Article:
9th Nov 2018
Absence Management, Employment Law, Human Resources, Recruitment

An employee was given notice of redundancy but was on holiday when the letter arrived. There was a significant difference in her pension entitlement between leaving at age 49 and age 50 – which everyone involved knew about … In the case of Haywood vs Newcastle Upon Tyne NHS Foundation Trust – what happened next?

This case hinged on the date when notice of termination of employment began to run. This was important because, if the Claimant’s employment terminated by reason of redundancy on or after her 50th birthday on 20 July 2011, she would be entitled to claim a non-actuarially reduced early retirement pension. If it terminated before that date, she would not.

On 20 April 2011, the Trust issued written notice of termination of her employment on the ground of redundancy giving 12 weeks contractual notice but, as the Claimant was on holiday, she did not read it until 27 April. She claimed that the 12 weeks notice expired on 20 July, her 50th birthday, and accordingly that she was entitled to the early retirement pension. The Trust claimed that notice was given before 27 April and therefore she was not entitled to the early retirement pension.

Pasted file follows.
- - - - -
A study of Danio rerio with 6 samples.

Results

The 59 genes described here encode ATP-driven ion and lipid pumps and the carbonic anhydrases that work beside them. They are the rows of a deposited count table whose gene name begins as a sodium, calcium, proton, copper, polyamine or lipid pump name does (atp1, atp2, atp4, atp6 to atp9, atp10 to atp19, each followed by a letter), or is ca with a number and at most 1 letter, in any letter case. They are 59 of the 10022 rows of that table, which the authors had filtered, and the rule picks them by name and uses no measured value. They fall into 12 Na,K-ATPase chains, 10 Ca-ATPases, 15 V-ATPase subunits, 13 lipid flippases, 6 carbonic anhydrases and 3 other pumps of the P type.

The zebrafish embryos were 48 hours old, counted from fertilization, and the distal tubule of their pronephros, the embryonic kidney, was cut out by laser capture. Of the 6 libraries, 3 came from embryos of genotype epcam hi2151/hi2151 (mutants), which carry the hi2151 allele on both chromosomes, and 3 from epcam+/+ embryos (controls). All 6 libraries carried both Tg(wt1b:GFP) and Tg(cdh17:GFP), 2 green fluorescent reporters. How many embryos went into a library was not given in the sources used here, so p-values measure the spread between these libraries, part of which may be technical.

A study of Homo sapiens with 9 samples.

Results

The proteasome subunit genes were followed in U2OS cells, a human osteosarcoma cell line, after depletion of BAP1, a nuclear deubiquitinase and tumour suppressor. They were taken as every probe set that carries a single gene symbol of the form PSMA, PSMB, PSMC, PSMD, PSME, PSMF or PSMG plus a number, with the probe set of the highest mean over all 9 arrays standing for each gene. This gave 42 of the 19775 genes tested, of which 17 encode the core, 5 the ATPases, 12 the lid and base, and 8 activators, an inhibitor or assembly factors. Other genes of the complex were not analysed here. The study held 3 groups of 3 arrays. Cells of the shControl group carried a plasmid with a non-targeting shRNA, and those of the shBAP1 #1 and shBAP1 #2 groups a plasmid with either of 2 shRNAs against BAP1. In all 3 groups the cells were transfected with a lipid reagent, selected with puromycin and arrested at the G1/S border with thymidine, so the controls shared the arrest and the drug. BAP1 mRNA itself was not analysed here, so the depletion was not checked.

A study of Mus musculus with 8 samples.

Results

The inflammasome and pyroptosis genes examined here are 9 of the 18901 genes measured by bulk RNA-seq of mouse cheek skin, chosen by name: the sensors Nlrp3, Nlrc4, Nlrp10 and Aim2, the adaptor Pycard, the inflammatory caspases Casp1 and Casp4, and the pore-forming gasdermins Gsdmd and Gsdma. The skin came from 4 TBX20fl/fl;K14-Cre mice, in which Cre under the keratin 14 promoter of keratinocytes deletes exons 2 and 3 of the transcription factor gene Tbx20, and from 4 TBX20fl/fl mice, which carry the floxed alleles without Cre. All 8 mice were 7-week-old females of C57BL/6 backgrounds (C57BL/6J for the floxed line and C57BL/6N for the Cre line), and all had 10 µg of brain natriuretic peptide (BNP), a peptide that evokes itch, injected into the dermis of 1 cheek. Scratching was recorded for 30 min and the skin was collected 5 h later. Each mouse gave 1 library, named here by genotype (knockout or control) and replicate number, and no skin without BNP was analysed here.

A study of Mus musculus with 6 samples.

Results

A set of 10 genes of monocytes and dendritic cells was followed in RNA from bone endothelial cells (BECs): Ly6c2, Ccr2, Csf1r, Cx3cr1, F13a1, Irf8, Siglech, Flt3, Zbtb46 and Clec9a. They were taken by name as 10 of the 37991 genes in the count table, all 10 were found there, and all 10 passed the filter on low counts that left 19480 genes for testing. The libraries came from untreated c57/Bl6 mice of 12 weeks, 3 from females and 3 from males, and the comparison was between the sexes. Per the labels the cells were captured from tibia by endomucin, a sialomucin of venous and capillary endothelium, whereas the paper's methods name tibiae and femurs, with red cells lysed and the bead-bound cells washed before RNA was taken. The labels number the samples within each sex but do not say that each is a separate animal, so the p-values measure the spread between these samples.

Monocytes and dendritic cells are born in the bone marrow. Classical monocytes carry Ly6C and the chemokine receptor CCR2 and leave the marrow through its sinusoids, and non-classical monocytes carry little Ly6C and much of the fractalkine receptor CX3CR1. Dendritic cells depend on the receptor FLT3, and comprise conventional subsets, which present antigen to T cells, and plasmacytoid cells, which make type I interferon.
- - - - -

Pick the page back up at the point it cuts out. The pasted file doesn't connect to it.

The issue before the court was:

If an employee is dismissed on written notice posted to his home address, when does the notice period begin to run? Is it when the letter would have been delivered in the ordinary course of post? Or when it was in fact delivered to that address? Or when the letter comes to the attention of the employee and he has either read it or had a reasonable opportunity of doing so?

The Supreme Court ruled in favour of the Claimant by a majority of 3 to 2 and said the third option was correct. The EAT has been consistent in its approach to notices given to employers since 1980. The EAT is an expert tribunal which must be taken to be familiar with employment practices, as well as the general merits in employment cases.

In summary, as the Employee did not have the opportunity to read the letter before her return from holiday, EAT Case Law confirmed: upheld that notice should not start until “read by employee or the employee had a reasonable opportunity of doing so”. The notice period therefore began later than the employer intended, thereby ending on / after the employees 50th birthday allowing the enhanced pension rights to be claimed. Was the original timing an attempt by the NHS foundation to reduce costs? We may never know!

If you want to read the full judgement please click here.